A 30-year-old mother from Woodbridge, Ontario, was never advised of the risks of undergoing a Vaginal Birth After Caesarean Section (“VBAC”). Mom gave birth to an infant who sustained brain damage shortly before birth, which was caused by a ruptured uterus. The family recovered $6.8 million from the negligent defendants from Toronto, Ontario.
One of the risk factors (or complications) associated with a VBAC is uterine rupture (which can lead to severe fetal compromise or death). Mom was not advised of the risk of having a VBAC. This, in combination with the nurses’ negligent administration of a drug called Oxytocin which was used to induce Mom, caused her uterus to rupture, leading to the infant’s brain damage. In addition, Mom was not advised of the risk of being induced with Oxytocin in the context of a VBAC. In both instances, Mom was deprived of her “Informed Consent”.
The initial dose of Oxytocin and the periodic increases of the drug were excessive. When mom was admitted, the Oxytocin was immediately ordered. Approximately 5 hours after being admitted for induction, the nurses noted twice that the contractions were tripling and shortly after this time, there were 7 contractions within 10 minutes (hyperstimulation of the uterus). The combination of high doses of Oxytocin and frequent augmentation caused this hyperstimulation. The attending nurse disregarded the abnormal uterine activity and failed to discontinue the Oxytocin.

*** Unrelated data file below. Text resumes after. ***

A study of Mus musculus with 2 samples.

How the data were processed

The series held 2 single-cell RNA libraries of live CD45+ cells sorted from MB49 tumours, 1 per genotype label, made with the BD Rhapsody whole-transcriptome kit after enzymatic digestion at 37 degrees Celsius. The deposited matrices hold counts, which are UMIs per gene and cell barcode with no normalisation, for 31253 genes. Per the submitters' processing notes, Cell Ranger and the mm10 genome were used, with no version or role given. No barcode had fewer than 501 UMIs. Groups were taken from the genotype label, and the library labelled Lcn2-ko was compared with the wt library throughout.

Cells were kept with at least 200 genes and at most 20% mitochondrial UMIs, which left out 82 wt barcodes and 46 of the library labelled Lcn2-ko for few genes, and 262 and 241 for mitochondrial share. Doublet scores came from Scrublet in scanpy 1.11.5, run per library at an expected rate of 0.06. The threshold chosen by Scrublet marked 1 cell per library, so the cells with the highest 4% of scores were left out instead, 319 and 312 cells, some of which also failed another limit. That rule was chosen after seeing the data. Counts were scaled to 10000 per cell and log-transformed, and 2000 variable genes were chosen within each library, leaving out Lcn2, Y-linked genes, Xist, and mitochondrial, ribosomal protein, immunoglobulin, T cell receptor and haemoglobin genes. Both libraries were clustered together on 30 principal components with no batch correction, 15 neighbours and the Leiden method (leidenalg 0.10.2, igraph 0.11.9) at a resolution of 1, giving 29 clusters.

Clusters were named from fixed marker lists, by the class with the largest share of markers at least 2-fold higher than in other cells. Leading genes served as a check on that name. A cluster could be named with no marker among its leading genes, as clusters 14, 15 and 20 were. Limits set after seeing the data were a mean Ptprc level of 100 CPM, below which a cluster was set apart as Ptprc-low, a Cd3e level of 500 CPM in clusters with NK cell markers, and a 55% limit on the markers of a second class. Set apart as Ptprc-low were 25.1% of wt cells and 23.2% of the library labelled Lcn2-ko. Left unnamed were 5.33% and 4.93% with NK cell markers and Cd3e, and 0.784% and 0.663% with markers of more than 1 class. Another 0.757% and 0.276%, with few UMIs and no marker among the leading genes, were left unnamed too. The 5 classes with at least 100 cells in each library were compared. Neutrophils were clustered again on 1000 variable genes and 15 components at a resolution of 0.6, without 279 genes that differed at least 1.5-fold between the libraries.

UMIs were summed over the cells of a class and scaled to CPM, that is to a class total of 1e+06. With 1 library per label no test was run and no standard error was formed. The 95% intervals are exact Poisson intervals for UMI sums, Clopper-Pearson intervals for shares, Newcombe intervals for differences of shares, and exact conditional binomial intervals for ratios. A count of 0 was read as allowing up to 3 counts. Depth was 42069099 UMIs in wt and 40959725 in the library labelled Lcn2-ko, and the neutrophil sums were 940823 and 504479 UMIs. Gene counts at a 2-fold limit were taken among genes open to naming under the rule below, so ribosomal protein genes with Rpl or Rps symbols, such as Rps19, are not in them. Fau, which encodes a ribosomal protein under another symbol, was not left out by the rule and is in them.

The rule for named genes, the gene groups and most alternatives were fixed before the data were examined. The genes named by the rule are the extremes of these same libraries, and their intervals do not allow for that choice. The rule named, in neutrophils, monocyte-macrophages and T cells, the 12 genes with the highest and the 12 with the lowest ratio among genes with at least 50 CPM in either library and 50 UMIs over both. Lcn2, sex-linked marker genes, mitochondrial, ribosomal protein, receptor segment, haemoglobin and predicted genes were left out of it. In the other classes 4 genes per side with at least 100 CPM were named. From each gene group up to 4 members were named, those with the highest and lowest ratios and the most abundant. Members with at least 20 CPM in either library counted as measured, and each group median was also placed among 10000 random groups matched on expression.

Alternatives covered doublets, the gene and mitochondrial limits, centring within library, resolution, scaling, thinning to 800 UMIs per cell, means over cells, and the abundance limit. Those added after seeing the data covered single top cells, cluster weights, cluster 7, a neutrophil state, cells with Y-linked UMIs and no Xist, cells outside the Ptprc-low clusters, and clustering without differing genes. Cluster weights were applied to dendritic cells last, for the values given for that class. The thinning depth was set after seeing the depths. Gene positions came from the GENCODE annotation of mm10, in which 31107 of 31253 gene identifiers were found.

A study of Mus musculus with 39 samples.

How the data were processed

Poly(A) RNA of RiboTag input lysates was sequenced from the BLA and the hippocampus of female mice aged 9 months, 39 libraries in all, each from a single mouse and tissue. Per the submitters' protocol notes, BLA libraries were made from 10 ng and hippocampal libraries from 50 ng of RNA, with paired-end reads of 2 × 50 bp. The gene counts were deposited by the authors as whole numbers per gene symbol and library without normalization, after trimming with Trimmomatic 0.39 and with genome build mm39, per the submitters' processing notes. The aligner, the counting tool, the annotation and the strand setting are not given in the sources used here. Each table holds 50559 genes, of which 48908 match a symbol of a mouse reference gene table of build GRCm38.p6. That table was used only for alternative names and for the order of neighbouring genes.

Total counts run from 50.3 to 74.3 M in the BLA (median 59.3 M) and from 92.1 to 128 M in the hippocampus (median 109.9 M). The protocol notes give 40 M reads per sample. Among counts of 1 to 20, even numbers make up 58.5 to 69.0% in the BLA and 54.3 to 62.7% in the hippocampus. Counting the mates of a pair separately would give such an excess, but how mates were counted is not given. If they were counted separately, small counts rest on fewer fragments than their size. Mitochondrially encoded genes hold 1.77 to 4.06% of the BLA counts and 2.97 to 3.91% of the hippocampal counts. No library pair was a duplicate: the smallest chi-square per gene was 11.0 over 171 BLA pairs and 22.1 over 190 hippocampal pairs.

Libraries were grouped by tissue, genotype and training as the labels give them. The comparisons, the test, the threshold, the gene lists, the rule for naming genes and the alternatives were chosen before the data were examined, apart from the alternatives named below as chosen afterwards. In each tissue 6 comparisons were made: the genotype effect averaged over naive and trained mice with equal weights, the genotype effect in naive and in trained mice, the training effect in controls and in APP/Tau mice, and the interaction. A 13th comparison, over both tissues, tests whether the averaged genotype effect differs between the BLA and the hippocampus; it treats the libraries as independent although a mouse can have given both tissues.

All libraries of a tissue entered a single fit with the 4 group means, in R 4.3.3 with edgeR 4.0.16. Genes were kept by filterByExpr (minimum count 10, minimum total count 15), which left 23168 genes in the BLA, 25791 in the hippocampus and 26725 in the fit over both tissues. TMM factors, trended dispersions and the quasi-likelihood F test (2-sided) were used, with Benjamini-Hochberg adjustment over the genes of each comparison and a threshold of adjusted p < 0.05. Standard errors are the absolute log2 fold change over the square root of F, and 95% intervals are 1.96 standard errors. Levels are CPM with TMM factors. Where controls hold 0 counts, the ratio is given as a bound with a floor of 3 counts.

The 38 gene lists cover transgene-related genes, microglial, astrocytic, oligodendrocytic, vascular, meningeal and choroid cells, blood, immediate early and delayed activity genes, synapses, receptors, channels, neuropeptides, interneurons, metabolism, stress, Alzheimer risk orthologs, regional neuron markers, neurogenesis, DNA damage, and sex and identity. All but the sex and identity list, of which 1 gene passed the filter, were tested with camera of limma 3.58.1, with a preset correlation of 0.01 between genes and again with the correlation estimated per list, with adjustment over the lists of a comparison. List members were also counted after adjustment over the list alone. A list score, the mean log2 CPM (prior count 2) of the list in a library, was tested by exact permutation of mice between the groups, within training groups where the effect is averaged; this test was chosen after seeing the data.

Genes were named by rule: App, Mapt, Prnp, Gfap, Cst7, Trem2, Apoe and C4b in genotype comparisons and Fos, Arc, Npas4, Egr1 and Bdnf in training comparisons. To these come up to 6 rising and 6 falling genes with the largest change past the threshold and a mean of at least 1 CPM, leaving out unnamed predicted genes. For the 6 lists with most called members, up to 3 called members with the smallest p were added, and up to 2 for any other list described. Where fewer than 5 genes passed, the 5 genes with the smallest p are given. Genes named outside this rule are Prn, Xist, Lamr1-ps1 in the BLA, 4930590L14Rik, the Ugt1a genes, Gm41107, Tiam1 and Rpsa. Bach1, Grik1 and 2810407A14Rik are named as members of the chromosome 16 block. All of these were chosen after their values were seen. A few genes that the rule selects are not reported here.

Approximately 20 minutes after the contractions began to triple, the baby developed a condition called bradycardia (low fetal heart rate), indicating that the baby was in serious distress at this point. Considering that Mom had a previous uterine scar and was receiving Oxytocin, the baby should have been delivered immediately (as bradycardia is the best indicator of uterine rupture), but instead it took almost 20 minutes to even get to the operating room. During this time, the fetal heart rate abnormalities persisted until the baby was delivered. This delay contributed to the brain damage suffered by the baby. A code pink should have been called right away and the mother should have been operated on much sooner.
Due to the uterine rupture, the baby’s brain suffered an intrapartum hypoxic-ischemic insult (brain damage caused by a lack of oxygen and blood flow to the baby’s brain before birth). The baby subsequently developed severe neurological abnormalities.
Sommers Roth & Elmaleh Professional Corporation has over 40 years of experience in medical malpractice litigation in the Greater Toronto Area (GTA), Ontario, and across Canada.